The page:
Average long-term U.S. mortgage rates edged up this week after three straight weeks of declines. The key 30-year loan rate remained under 4 percent.
Mortgage giant Freddie Mac said Thursday the average rate on a 30-year fixed-rate mortgage rose to 3.94 percent from 3.91 percent a week earlier. The rate on 15-year fixed-rate mortgages increased to 3.17 percent from 3.13 percent.
A solid U.S. employment report for July out last Friday – with employers adding 215,000 jobs and the jobless rate steady at 5.3 percent – means there’s a strong chance that the anticipated interest-rate increase by the Federal Reserve will occur next month. The Fed has kept its key short-term rate near zero since 2008, the year the financial-crisis hit.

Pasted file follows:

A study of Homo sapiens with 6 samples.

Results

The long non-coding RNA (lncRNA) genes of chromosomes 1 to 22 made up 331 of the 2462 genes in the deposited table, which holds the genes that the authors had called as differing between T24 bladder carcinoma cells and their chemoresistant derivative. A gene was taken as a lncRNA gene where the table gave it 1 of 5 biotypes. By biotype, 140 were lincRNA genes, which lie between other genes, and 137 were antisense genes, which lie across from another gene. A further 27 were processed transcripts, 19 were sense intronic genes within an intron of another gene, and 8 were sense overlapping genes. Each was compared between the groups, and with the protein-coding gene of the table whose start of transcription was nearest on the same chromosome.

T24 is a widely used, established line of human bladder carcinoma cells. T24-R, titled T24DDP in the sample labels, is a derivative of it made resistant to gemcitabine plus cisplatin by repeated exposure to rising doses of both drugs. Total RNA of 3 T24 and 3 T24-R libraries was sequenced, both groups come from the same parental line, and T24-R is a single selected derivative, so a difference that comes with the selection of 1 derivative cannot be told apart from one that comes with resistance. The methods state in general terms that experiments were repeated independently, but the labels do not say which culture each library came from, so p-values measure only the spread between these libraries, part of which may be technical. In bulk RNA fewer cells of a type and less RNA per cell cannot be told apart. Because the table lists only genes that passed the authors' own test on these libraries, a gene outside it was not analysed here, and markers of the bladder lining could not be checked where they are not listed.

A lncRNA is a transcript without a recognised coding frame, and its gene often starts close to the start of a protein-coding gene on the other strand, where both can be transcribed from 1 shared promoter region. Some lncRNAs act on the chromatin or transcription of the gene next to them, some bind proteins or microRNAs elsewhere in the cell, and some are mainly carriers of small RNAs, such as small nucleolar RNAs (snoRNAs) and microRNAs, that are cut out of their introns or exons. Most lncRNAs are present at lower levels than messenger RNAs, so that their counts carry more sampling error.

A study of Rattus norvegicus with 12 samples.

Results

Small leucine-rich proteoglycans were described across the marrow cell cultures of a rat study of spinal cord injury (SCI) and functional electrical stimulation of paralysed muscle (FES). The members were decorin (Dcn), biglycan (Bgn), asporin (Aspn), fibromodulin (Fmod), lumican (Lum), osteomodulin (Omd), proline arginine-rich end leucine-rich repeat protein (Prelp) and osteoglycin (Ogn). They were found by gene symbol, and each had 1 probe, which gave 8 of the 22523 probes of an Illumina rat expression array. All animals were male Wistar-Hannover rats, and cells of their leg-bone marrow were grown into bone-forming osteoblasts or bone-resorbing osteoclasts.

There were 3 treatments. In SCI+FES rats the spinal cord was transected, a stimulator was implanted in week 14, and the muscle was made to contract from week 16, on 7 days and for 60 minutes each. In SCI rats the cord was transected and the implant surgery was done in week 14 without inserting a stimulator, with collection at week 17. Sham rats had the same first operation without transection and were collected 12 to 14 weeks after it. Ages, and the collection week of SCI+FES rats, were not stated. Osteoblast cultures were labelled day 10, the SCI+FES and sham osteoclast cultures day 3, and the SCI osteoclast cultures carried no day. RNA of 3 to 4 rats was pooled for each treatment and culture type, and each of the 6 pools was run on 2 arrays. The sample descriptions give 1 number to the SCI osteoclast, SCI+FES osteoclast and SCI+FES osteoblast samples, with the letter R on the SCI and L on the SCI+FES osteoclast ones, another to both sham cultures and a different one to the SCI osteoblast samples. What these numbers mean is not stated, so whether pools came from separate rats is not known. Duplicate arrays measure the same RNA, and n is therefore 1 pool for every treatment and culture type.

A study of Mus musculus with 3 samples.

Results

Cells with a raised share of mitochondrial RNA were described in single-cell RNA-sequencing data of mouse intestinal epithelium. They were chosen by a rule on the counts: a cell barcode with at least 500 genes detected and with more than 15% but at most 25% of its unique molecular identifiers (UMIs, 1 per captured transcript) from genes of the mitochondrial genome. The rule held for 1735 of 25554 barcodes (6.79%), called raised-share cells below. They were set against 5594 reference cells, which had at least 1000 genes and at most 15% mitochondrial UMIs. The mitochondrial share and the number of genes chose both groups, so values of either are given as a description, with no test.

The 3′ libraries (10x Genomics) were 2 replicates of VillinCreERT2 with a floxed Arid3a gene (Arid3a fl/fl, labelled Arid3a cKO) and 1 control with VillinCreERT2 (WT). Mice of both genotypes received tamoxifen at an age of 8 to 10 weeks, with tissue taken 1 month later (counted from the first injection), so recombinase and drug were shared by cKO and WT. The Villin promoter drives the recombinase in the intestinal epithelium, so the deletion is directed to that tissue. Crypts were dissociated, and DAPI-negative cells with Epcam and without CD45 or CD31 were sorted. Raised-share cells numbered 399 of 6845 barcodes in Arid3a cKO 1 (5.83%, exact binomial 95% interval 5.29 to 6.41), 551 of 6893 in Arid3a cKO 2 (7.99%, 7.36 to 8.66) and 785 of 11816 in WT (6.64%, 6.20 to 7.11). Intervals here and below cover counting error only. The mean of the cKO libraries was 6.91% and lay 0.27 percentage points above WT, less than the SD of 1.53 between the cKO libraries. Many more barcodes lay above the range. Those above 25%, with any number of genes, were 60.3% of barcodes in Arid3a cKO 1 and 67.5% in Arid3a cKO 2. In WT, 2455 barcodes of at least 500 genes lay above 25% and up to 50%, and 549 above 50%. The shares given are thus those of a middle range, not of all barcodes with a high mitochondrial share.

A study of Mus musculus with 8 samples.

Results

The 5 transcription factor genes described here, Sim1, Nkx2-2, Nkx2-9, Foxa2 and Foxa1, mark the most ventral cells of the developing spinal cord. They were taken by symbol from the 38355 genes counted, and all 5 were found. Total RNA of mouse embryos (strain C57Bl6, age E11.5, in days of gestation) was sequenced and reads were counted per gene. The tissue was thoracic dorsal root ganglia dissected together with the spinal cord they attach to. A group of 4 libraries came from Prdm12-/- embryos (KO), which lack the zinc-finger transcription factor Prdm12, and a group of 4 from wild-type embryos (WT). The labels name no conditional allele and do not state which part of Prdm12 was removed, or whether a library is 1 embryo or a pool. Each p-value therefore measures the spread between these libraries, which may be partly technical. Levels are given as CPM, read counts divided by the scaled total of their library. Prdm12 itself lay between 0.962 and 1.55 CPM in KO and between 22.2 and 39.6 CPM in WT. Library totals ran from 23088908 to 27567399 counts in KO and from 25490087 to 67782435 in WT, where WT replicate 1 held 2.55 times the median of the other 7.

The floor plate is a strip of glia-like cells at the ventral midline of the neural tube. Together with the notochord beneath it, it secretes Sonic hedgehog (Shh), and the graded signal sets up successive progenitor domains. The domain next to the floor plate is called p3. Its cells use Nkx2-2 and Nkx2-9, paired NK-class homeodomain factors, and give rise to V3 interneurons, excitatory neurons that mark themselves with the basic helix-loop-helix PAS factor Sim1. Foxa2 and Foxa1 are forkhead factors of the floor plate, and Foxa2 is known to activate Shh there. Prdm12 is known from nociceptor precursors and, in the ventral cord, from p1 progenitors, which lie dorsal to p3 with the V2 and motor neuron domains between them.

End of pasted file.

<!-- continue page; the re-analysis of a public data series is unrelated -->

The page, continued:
However, China’s sharp and sudden devaluation of its currency against the dollar this week could complicate the Fed’s decision on timing of a rate increase.
To calculate average mortgage rates, Freddie Mac surveys lenders across the country at the beginning of each week. The average doesn’t include extra fees, known as points, which most borrowers must pay to get the lowest rates. One point equals 1 percent of the loan amount.
The average fee for a 30-year mortgage was unchanged from last week at 0.6 points. The fee for a 15-year loan also held steady at 0.6 points.
The average rate on five-year adjustable-rate mortgages fell to 2.93 percent from 2.95 percent; the fee increased to 0.5 points from 0.4 points. The average rate on one-year ARMs jumped to 2.62 percent from 2.54 percent; the fee was unchanged at 0.3 points.